True story: Once upon a time, I was leaving the house on a business trip. No sooner had I left (I later learned) than our cat hopped into bed with my wife, and deposited at her side a dead mouse. Screaming ensued.

Which brings us to investors' reaction to the "present" that Lions Gate's (NYSE:LGF) deposited for them in Friday's earnings report. Upon learning that Lions Gate fell $0.15 short of analysts' $0.37 consensus earnings prediction for Q4, shareholders sold the stock off by nearly 8%.

Now, I understand that the GAAP results looked bad. Since this one was a full-year report, let's focus on Lions Gate's fiscal 2007 numbers. In fiscal 2006, Lions Gate earned $0.25 per share. Swinging from a profit to a $0.62-per-share loss, despite growing revenue nearly 40%, sure wasn't what people were expecting this year. But regardless of what the analysts predicted, Lions Gate delivered on everything it had promised:

  • Management said it would book more than $400 million in Q4 revenues. It pulled in $512 million for the quarter and $1.4 billion for the year.
  • Management promised to generate at least $110 million in free cash flow for the year. It produced $137 million. 

Those facts tell me two things. First, the company is more profitable than I had previously believed. Second, when CEO Jon Feltheimer promises to deliver $1.5 billion in revenue this year, and to turn that into more than $100 million in cash profits, he just might be lowballing the numbers.

I continue to be impressed with the broad-ranging business empire Lions Gate is assembling -- not just in film, but in TV as well, doing shows for Disney's (NYSE:DIS) ABC, GE's (NYSE:GE) Sci-Fi Channel, Mexico's Grupo Televisa SA (NYSE:TV), and CBS' (NYSE:CBS) Showtime. Chances are, if I watch a show on television or order a movie from Netflix, and it's good, "Lions Gate" will pop up somewhere in the credits. These guys seem to have a hand in everything.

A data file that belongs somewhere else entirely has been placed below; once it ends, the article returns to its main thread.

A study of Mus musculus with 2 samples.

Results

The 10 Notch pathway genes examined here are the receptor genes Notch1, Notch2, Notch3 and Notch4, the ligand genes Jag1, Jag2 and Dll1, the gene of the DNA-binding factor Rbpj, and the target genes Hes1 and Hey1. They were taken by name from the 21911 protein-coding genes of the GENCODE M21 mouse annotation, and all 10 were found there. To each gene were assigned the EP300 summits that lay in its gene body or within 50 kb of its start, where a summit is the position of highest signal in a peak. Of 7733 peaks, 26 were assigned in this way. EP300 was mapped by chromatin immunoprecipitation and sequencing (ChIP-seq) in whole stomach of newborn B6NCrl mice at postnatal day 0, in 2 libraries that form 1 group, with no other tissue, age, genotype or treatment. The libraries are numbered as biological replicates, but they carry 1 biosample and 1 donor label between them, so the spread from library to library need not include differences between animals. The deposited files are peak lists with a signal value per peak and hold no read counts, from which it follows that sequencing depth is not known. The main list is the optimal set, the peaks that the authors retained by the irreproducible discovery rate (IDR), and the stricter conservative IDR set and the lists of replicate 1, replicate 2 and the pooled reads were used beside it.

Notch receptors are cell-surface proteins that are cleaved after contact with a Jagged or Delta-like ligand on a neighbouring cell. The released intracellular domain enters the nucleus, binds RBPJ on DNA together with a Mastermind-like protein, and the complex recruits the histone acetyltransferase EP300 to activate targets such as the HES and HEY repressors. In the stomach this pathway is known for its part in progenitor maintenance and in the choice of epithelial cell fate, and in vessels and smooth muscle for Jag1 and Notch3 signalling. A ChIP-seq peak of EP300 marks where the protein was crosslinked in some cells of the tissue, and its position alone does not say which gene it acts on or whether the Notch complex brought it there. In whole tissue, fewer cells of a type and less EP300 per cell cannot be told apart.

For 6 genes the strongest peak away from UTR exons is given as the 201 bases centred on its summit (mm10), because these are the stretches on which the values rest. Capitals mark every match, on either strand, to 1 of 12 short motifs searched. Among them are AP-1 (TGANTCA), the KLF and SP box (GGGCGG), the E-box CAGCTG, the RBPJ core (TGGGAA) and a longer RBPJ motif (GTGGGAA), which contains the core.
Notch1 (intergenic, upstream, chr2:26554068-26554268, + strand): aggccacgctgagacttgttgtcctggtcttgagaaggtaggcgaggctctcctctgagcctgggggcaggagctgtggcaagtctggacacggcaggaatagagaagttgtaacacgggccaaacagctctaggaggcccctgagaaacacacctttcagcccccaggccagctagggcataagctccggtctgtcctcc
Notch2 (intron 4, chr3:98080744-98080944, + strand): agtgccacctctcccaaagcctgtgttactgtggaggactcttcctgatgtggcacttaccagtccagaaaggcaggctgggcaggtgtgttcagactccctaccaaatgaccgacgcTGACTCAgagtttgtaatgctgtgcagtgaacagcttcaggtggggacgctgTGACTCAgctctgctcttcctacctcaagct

A free hand
Speaking of hands, this brings us to Lions Gate's latest promise and peril. Last month, Lions Gate joined with Viacom (NYSE:VIA) and MGM to announce that it's biting one of the hands that feeds it. Following a feud with Showtime over the fees it gets paid for its work, Lions Gate wants to go it "alone" and help set up a new premium TV channel with its new partners.

Will Lions Gate's venture yield the same kind of success that Marvel (NYSE:MVL) reaped, when the latter morphed from character licensor to movie studio? Or will the cable and satellite operators hiss and arch their backs at the idea? Stay tuned.